The modest, engrossing drama, “Cowboys,” opens with Troy (Steve Zahn) and his preteen son, Joe (Sasha Knight) out in the Montana wilderness appreciating the magnificent mountain landscape. This scene could easily be a memorable moment in a father/son camping trip — except that it is not. As writer/director Anna Kerrigan’s compassionate film reveals, Troy and Joe are outlaws, and Joe is transgender.

“Cowboys,” available in virtual cinemas and VOD on February 12, toggles back and forth in time between Troy and Joe’s trip and the events that preceded father and son going on the run. Troy and his wife Sally (Jillian Bell) are struggling to raise Joe because Troy is accepting of his son’s desire to present as male, while Sally still insists her little girl Joe should wear dresses and play with dolls. 

There are some poignant scenes of Joe admiring men in denim and with silver belt buckles at a bowling alley, a look he replicates in mirrors, at home, school, and even a clothing store’s fitting room. And there is a tender exchange between Troy and Joe when the child explains his gender dysphoria to his father. In contrast, Sally refuses to acknowledge Joe’s gender identity, calling him “her,” and hoping to get Joe “back to normal.” One of the more insidious moments has Sally trying to encourage Joe to deny who he is and follow “God’s game plan.”

Sally may be painted as the villain of the piece, and she even misleads Detective Faith Erickson (Ann Dowd), who is assigned to the abduction case, by giving the policewoman a photograph of Joe as a girl. But it is Troy’s behavior that is under scrutiny. He suffers from mental illness and takes medication to combat his mania. Moreover, his kidnapping of Joe is his second criminal offense. He did a stretch of time following an altercation with his brother-in-law Jerry (Chris Coy). 

Kerrigan’s film may stack the deck against the underdog Troy, but that only makes viewers root for him to succeed — despite the uphill battle he faces. Troy is admirable because he understands his son and loves and accepts him unconditionally. He also recognizes that Joe’s situation at home with his mom is becoming increasingly untenable. His criminal record prevents him from getting custody, but Sally allows Troy see Joe, even though, she maintains, “she doesn’t have to.” The film nicely conveys the love between Troy and Sally and how it has ebbed and flowed over time. 

“Cowboys” provides Zahn with a fine showcase, and his thoughtful performance won him the Best Actor prize at last year’s Tribeca Film Festival. (Kerrigan also was honored for her screenplay). Zahn deftly calibrates Troy’s mania. When he excitedly wakes up Joe to head toward Canada, his expression slips, and he exposes the very real fear he has been masking all along. How can he safeguard Joe, when he is also endangering him?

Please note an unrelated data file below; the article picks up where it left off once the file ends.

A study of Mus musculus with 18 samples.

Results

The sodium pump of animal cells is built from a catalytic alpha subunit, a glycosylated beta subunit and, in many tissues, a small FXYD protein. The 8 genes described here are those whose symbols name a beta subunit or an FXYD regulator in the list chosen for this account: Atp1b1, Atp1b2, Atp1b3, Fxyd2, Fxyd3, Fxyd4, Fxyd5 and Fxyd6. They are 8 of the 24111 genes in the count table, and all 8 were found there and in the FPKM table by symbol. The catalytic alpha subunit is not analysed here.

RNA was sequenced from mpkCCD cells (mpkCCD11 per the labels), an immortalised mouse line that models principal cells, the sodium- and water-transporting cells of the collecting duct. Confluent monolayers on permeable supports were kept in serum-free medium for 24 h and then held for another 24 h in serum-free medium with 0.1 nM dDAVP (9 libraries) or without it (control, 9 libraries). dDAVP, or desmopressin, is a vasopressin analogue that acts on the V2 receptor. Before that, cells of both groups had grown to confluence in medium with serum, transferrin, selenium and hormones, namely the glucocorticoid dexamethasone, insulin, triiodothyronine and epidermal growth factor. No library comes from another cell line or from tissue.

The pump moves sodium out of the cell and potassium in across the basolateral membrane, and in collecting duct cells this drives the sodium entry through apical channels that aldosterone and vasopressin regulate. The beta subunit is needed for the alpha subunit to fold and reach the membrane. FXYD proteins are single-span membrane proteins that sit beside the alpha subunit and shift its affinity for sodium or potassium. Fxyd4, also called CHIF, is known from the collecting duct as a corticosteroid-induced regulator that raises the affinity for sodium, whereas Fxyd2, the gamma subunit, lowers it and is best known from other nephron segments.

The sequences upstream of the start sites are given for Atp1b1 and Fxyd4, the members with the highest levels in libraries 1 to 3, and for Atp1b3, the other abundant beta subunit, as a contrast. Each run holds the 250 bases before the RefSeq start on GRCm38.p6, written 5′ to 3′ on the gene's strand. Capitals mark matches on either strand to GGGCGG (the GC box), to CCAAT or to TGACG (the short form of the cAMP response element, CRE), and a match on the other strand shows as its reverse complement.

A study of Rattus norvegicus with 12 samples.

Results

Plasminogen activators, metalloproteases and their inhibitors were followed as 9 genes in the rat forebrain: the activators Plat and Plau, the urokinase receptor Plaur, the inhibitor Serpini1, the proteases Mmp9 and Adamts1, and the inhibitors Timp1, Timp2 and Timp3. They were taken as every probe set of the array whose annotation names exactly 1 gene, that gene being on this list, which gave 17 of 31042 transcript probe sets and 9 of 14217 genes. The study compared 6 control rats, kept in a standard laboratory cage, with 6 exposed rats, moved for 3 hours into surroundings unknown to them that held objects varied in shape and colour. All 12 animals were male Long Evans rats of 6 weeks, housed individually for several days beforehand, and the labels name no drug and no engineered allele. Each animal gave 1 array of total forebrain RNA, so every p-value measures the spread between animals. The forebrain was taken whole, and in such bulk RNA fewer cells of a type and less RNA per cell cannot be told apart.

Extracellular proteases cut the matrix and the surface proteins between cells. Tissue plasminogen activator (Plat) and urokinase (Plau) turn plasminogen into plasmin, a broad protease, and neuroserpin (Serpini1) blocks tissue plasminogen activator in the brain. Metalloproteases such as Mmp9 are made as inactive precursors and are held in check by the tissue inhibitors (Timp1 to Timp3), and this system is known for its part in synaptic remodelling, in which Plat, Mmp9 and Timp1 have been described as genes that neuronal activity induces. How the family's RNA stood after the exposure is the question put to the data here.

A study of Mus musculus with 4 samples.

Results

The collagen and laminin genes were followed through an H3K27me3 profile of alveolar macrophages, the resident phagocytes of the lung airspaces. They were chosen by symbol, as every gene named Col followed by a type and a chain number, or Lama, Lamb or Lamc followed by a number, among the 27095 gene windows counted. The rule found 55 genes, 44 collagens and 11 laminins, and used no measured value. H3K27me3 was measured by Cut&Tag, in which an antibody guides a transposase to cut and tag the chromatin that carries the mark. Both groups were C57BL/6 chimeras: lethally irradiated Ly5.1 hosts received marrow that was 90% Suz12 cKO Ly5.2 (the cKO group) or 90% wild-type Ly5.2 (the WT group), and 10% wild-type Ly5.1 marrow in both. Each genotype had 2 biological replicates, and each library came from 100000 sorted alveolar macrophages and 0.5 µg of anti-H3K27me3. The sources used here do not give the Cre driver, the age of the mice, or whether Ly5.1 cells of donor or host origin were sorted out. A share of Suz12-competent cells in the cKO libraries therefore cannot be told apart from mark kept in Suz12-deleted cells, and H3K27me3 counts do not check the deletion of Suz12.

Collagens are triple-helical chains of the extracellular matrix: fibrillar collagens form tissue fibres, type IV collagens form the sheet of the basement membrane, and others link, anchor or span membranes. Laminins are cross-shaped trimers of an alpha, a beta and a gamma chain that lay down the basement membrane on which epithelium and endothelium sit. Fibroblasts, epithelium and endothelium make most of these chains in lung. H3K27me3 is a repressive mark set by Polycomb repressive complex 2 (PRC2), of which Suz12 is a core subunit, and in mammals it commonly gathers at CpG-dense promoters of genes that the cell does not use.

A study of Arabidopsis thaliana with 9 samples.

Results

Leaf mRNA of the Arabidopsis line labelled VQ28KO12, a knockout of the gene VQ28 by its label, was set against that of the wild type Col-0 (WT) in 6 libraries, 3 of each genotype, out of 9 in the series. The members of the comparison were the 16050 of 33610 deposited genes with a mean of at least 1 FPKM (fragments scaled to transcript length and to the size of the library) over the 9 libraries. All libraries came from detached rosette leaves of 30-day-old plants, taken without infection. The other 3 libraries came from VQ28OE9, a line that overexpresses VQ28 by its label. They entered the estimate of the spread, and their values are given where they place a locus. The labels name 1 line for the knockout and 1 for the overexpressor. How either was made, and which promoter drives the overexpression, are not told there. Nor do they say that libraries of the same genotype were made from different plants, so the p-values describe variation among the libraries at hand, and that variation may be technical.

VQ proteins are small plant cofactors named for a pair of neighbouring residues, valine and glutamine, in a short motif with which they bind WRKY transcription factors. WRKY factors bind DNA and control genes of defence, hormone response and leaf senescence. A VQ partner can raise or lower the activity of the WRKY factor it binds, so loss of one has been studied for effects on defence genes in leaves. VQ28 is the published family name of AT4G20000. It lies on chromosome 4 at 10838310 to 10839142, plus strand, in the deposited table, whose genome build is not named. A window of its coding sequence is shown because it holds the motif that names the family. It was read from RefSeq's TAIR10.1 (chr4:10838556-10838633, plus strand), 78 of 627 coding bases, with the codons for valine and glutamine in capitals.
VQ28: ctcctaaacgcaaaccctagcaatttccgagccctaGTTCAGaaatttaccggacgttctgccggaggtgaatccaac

Several intense episodes show Troy in protective, papa-bear mode — rescuing Joe in a river at night or responding to a gunshot in the woods. These scenes are contrasted with Troy’s comic moments with his son, such as indulging Joe in a bedtime story, or acting goofily while out camping. The father/son bonding is what makes “Cowboys” so heartfelt. The love Troy has for Joe has nothing to do with his gender; Joe’s self-worth and safety is of the utmost importance and concern.

 “Cowboys” also benefits from Sasha Knight — who identifies as trans or non-binary — giving an unselfconscious performance as Joe. The young actor obviously understands the complexity of his character and handles his “coming out” scene well. He is impassioned when he tells his father that he doesn’t want to wear dresses, that he is not a tomboy, nor is he confused about his gender. Knight never makes Joe cloying or a cliché. When Joe makes a bad decision, viewers will empathize with him. 

Kerrigan does emphasize gender roles throughout her film, and these moments are occasionally contrived. Sally accuses Troy of “messing Joe up” by modeling masculine/cowboy images. And a scene where Sally refuses to buy Joe a gun, a slingshot, or a cowboy book, offering a doll instead, is too on the nose — as is a later scene when Sally returns to the store. But a key scene of Joe cutting his long curly hair in defiance is as liberating as it is symbolic. 

“Cowboys” runs a brisk 83-minutes. It does not bask enough in the beautiful western scenery (a minor complaint). Nor does it delve too deeply into its central issues, which is fine; they merely provide a framework for the involving story. But the scenes of Detective Erickson are terrific, and it is fun to watch Dowd’s exasperation at the incompetency she encounters. 

Kerrigan’s film is worthwhile and puts a queer spin on a familiar Western tale of pursuit.